Kimba mayor highlights inequity of rural councils paying to attract permanent doctors

DRAWCARD: Kimba mayor Dean Johnson said the upgrade to the medical clinic would hopefully be another incentive for doctors to practice in the town. Photo: Lauren Fitzgerald.
DRAWCARD: Kimba mayor Dean Johnson said the upgrade to the medical clinic would hopefully be another incentive for doctors to practice in the town. Photo: Lauren Fitzgerald.

Kimba mayor Dean Johnson has highlighted the inequity in health services for the Eyre Peninsula, saying that no council in a metro area has to spend hundreds of thousands of dollars to try and retain or gain general practitioners in the area.

The council is now applying for a grant through the Rural Health Workforce Strategy Steering Committee to provide financial incentive to draw GP's to the region.

"Obviously Kimba has had long term issues trying to get GP services," he said.

"We've had intermittent success but it's always been short lived.

"You build a relationship with a local GP that you may not see with a locum, and it's what local people want."

In 2019, Dr Graham Fleming decided to set up a clinic three days a week to support the town until they could attract a younger, more permanent doctor.

Mr Johnson said that the service was increased to five days a week through working with locums, doctors who fill in the gaps in the service but who are not based in Kimba full time.

However he said the system was unfortunately constantly "interuppted" by things like unexpected sick days, and that telehealth was no replacement during these times.

"We just want two GPs so it's more sustainable and we can give them a work-life balance," said Mr Johnson.

"If we can find full time GPs there will be massive cost savings from the locums...it's no secret that it's costing the EFNLHN (Eyre Far North Local Health Network) $2000 a day."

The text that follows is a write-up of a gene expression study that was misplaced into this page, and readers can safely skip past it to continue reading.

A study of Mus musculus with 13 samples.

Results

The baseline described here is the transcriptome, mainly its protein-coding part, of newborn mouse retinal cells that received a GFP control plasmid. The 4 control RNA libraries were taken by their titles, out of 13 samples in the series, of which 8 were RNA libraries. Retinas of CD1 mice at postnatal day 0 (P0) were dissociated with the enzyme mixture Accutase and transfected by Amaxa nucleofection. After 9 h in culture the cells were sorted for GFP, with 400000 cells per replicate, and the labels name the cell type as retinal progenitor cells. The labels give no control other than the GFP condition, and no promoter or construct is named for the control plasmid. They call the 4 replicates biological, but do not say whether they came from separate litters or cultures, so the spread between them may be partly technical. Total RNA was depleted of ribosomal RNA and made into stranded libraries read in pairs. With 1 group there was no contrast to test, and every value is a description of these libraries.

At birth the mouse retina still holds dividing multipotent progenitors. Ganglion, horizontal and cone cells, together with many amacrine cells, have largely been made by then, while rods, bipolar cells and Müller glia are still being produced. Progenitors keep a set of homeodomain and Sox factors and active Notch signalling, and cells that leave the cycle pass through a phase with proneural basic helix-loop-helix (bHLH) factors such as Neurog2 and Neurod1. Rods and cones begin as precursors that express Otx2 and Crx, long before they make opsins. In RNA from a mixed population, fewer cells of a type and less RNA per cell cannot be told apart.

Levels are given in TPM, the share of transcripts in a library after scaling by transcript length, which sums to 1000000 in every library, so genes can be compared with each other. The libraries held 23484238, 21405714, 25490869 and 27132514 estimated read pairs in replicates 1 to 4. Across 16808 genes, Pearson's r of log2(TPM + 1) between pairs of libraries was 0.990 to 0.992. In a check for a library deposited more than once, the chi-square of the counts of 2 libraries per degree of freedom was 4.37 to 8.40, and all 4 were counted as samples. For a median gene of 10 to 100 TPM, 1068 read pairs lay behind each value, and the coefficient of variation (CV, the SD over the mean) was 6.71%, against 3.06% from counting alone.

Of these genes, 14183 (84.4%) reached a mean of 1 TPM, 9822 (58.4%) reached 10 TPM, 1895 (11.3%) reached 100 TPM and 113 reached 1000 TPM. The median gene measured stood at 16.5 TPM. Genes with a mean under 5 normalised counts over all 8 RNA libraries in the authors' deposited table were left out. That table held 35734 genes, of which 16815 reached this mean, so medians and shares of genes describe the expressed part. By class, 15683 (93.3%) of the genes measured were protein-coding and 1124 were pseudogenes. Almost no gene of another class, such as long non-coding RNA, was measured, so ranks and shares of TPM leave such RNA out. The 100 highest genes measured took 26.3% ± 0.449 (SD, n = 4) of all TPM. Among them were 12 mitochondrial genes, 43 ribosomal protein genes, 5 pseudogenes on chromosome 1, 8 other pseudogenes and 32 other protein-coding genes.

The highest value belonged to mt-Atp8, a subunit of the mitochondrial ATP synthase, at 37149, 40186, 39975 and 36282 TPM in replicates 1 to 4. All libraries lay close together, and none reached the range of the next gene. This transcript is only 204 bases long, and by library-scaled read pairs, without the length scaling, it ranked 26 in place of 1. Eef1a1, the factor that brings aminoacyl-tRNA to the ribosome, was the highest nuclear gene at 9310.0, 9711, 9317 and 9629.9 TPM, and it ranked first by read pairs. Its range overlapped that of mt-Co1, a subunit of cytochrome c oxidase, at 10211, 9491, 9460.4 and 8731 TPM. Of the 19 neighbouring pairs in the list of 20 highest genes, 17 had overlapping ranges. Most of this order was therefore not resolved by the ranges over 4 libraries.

District Council of Kimba chief executive officer Deb Larwood said permanent GPs could provide a continuity of care and help prevent health issues.

"(The current service) is more a reactive service than a proactive one," she said.

"Northern Eyre Peninsula is among the most remote places for health care, and we believe we are at least 30 doctors short."

Mr Johnson said they were hopeful a successful grant application would provide them with two doctors for at least two years, while they negotiate longer term contracts.

He said they wanted to base their model off of Forbes, New South Wales, where financial incentives go towards paying off large HECS (Higher Education Contribution Scheme) debts.

"Or even if they want to pay off a mortgage...we need to get them from where they are practicing now to a place in need," said Mr Johnson.

"We are really committed to finding at least two doctors.

"There is a fairness and equity problem on the Eyre Peninsula.

"Council has put in hundreds of thousands of dollars (to finding permanent health services).

"No one in the city has to pay for this, but we've been forced to and we need help."

The grant recipients are expected to be announced in September.

In order to incentivise GPs further, Kimba council is in the midst of upgrading the council-owned medical clinic to provide seven consulting rooms for GPs and allied health practitioners.

It is costing just under $1million, with $200,000 of council's own funds and the remainder is from the National Radioactive Waste Management Facility's Community Benefit Fund.

Mr Johnson said it will also have solar power, and an automatic startup backup generator.

"It's not just going to be a state-of-the-art facility, it will have a video conference and training room for professional development on site," he said.

"By the end of the year we hope to have it done."